Scans During Pregnancy
Scans during pregnancy
Scans can make some mums-to-be a little nervous, but there really is no need to feel this way! They all help to confirm that your baby is developing healthily. Plus you get to see your baby moving about too! Every mum-to-be can have a scan at 20 weeks and some hospitals also offer one at 12 weeks. The information below will describe the main scans you may have through your pregnancy so you'll always know what to expect.
What's an ultrasound scan like?
There are two main scans for pregnant women, one is the dating scan at around 12 weeks and the other is the anomaly scan at around 20 weeks. Whilst some authorities offer both, in other areas you may only be offered one scan as standard.
Most pregnancy scans described here are carried out using ultrasound. A gel is applied to your stomach and then a small hand-held device called a transducer is moved over your skin, which sends an image of your baby to a screen. You may be asked to have a full bladder for some of your scans. This will help push your uterus forward and create a clearer picture.
Types of scans
Early pregnancy scans
If you are experiencing pain or bleeding, have had a previous miscarriage or an ectopic pregnancy, between six and ten weeks you may find you'll have an early scan. As your baby will be so tiny at this stage, to get as clear a picture as possible, this pregnancy scan is usually carried out using a small probe that goes inside your vagina.
This type of scan is a simple procedure but it's natural to feel a bit worried so speak to your doctor – they should be able to answer any questions you have. And remember the scan will check that everything is OK with your baby, which will make for a far less stressful pregnancy.
Offered at around 12 weeks this scan is offered as standard at many (but not all) hospitals. It will give you an accurate due date and assesses several important details:
• The age of your baby.
• Whether there is more than one baby.
• Check their heartbeat.
• Whether there are any obvious abnormalities.
• Whether your ovaries are in a healthy condition.
The scan lasts around 10 minutes during which time images of your baby will be taken. Seeing your baby on the monitor is such an exciting experience and many mums often feel quite emotional too. You'll be given a printout to take home with you, which you can show to your loved ones so they can share in your excitement.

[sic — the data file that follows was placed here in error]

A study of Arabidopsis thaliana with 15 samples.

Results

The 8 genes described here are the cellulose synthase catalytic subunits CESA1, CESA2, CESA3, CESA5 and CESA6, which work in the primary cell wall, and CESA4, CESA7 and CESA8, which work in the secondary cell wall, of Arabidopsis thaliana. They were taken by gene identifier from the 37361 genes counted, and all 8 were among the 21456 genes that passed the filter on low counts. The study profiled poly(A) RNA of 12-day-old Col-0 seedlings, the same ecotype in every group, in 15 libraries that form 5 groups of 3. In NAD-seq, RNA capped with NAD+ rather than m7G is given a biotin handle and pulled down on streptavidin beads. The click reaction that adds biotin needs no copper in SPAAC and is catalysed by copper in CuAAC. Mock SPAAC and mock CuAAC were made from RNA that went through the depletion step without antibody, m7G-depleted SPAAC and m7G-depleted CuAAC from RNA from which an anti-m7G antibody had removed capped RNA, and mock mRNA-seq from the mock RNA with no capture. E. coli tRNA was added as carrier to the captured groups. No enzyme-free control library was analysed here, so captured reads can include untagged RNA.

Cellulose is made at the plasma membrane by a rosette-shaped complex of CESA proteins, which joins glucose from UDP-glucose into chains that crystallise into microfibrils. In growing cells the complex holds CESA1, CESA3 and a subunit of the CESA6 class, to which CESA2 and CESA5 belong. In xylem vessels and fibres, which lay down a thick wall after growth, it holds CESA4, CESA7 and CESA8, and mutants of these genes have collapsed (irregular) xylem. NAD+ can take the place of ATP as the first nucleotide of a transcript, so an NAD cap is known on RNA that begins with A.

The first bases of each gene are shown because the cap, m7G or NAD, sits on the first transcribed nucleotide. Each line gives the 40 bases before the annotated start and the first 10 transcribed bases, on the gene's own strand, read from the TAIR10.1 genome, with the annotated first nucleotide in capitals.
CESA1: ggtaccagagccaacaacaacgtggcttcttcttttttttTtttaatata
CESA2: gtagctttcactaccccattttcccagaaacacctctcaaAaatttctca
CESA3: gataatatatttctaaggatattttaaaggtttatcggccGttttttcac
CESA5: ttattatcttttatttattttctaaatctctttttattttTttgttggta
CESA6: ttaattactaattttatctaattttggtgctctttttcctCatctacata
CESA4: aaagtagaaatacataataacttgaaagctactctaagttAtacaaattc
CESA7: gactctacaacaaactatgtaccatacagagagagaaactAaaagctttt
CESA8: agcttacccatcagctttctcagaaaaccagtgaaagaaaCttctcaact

Nuchal translucency (NT) scan
This test is non-invasive and is not a risk to your baby. If carried out, it's usually done between the 11th and 14th week of pregnancy but some hospitals don't offer this type of pregnancy scan.
A Nuchal fold scan gives a risk assessment of your baby having Down's Syndrome or other chromosomal abnormalities. This risk assessment is based on the mum-to-be's age, the thickness of the nuchal fold at the back of your baby's neck, your baby's nasal bone and a blood test.
If there is a high probability, then you might need to take further tests such as an amniocentesis test to get a definite answer. You and your husband will be able to discuss this fully with your doctor.
The mid-trimester pregnancy scan is the one that most mums feel excited about – not only because it's a real milestone but also because your baby will be looking less like a vague shape and more like a baby! You could even find out if you're having a boy or a girl, though, if you'd prefer a surprise at the birth they'll keep it from you. It takes around 15-20 minutes. This scan is usually offered between 18 and 21 weeks. It allows the specialist to check your baby from head to toe, so they'll look at:
• Your baby's head to check for any brain problems or cleft lip.
• The spine and abdomen to see that everything is aligned and developed.
• The size and shape of your baby's heart.
• The stomach, which you should be able to see below the heart. You might be able to see some of the amniotic fluid your baby has swallowed – it will look like a black bubble in their tummy!
• Your baby's kidneys and bladder.
• Your baby's hands and feet – although the specialist probably won't count the fingers or toes.
• The placenta, umbilical cord and amniotic fluid.
• The measurements of your baby's head, abdomen and thigh bone to ensure that they are growing equally well.
If there are any signs of problems, you'll speak with a specialist and be offered another scan.
This ultrasound scan checks that your baby is growing and developing healthily. They're only usually carried out if there is any concern about your baby's growth.